AROUND three months after YouTube was officially blocked from Pakistani computer screens, it appears that the authorities are in no mood to restore access to the popular video-sharing website anytime soon.
The site made news in 2012 for all the wrong reasons: it was the launching pad for an idiotic mishmash of sound and images mistakenly referred to as a film, which set the Muslim world afire due to its offensive content.
Whatever the knights of free expression say, there is really no way to justify the hateful content of that trash. It has no artistic or cultural value and was designed to rankle Muslim sentiments around the world, which it deviously did. However, in response to carrying the ‘film’, the Pakistani government banned YouTube in September and while there have been numerous reports that the ban will be lifted ‘soon’, that does not look like a possibility at this time.
Blocking access to the offensive stuff is understandable. However, continuously blocking YouTube is not. Yes, there is a lot of nasty, hateful content on the website, but there are ways to filter out any content that not only breaks national laws but is likely to inflame public sentiment. Why block the whole darned site? For example, tech geeks say it is easy to block the offensive and leave the rest of the site accessible. Yet the powers that be don’t seem to agree with this approach.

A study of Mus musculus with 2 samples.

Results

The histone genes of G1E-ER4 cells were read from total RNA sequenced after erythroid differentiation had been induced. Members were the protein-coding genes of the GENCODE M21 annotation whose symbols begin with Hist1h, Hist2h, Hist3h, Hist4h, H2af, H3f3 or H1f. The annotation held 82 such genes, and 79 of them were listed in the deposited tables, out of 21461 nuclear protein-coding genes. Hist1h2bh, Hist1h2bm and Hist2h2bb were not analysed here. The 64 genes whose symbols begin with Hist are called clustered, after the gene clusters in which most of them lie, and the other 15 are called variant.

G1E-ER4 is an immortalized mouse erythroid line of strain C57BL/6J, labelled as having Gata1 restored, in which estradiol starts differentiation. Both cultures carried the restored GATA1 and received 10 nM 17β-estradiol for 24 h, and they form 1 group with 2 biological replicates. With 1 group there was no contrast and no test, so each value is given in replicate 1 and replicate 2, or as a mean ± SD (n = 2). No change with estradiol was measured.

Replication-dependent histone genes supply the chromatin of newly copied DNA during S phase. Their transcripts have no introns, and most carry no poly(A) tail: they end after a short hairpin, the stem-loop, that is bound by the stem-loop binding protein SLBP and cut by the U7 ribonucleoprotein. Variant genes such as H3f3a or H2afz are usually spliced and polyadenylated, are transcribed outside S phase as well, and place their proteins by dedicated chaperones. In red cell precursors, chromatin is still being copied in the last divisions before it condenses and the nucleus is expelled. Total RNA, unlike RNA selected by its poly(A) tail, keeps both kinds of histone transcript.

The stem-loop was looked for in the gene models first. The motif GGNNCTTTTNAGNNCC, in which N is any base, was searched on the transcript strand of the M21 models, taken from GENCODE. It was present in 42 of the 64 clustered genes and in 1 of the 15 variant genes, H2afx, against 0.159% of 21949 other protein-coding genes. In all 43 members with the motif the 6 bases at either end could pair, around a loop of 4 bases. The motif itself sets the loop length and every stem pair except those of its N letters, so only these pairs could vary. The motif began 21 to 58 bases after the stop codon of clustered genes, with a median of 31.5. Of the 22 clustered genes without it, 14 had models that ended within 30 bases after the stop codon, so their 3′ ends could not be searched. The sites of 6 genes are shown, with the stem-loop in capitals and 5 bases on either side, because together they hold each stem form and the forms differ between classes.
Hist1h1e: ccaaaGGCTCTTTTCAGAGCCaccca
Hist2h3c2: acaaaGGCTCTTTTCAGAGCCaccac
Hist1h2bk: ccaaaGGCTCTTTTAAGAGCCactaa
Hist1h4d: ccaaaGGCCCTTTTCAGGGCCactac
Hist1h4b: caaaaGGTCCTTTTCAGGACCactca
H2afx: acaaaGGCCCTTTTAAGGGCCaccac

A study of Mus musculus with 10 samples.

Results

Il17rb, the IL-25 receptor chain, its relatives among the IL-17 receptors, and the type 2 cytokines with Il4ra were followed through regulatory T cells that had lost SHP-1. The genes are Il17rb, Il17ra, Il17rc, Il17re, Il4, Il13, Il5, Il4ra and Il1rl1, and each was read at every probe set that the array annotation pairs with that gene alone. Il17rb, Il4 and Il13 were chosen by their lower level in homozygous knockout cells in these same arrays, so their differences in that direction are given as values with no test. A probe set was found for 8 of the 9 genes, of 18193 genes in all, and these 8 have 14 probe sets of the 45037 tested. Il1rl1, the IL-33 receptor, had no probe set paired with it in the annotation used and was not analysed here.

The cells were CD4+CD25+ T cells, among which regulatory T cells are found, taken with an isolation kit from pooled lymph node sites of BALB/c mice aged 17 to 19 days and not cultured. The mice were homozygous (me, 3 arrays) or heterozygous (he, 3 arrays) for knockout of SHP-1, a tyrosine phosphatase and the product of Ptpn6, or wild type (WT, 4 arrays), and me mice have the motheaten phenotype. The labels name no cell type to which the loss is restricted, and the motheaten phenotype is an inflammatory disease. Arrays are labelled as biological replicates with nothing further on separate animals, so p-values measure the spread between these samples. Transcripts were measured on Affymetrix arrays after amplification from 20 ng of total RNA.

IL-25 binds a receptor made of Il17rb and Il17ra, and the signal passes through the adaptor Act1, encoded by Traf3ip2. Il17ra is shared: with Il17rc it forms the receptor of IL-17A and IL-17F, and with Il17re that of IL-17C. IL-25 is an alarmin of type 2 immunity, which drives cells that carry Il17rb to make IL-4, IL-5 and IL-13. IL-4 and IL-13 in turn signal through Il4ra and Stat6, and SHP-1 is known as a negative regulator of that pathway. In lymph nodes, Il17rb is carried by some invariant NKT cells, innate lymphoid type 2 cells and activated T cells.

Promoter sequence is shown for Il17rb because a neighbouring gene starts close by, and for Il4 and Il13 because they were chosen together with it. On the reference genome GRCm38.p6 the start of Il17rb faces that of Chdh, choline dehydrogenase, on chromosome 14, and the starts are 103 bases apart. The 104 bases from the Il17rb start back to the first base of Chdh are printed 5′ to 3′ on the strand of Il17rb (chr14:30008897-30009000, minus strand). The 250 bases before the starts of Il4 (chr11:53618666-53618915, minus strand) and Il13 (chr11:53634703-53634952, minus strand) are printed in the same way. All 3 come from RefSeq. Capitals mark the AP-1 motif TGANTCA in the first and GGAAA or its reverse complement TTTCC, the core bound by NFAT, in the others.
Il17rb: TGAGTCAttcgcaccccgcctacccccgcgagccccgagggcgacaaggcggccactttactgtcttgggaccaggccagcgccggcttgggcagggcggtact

Instead, they have adopted a uniquely Pakistani way to deal with hairy situations: if there’s a threat, shut everything down. The past year was a perfect example of this — cellular networks, motorbikes et al. It is a crude method of managing crises, but it works. So feel the Pakistani authorities.
So, yes, the offensive film is not accessible on YouTube. But then neither are nursery rhymes for your kids, lectures for students, religious sermons or perfectly kosher entertainment. That’s a bit of a problem. In the new year, many Pakistanis will hope that the authorities figure out a way of filtering out the nastiness and restoring access to YouTube.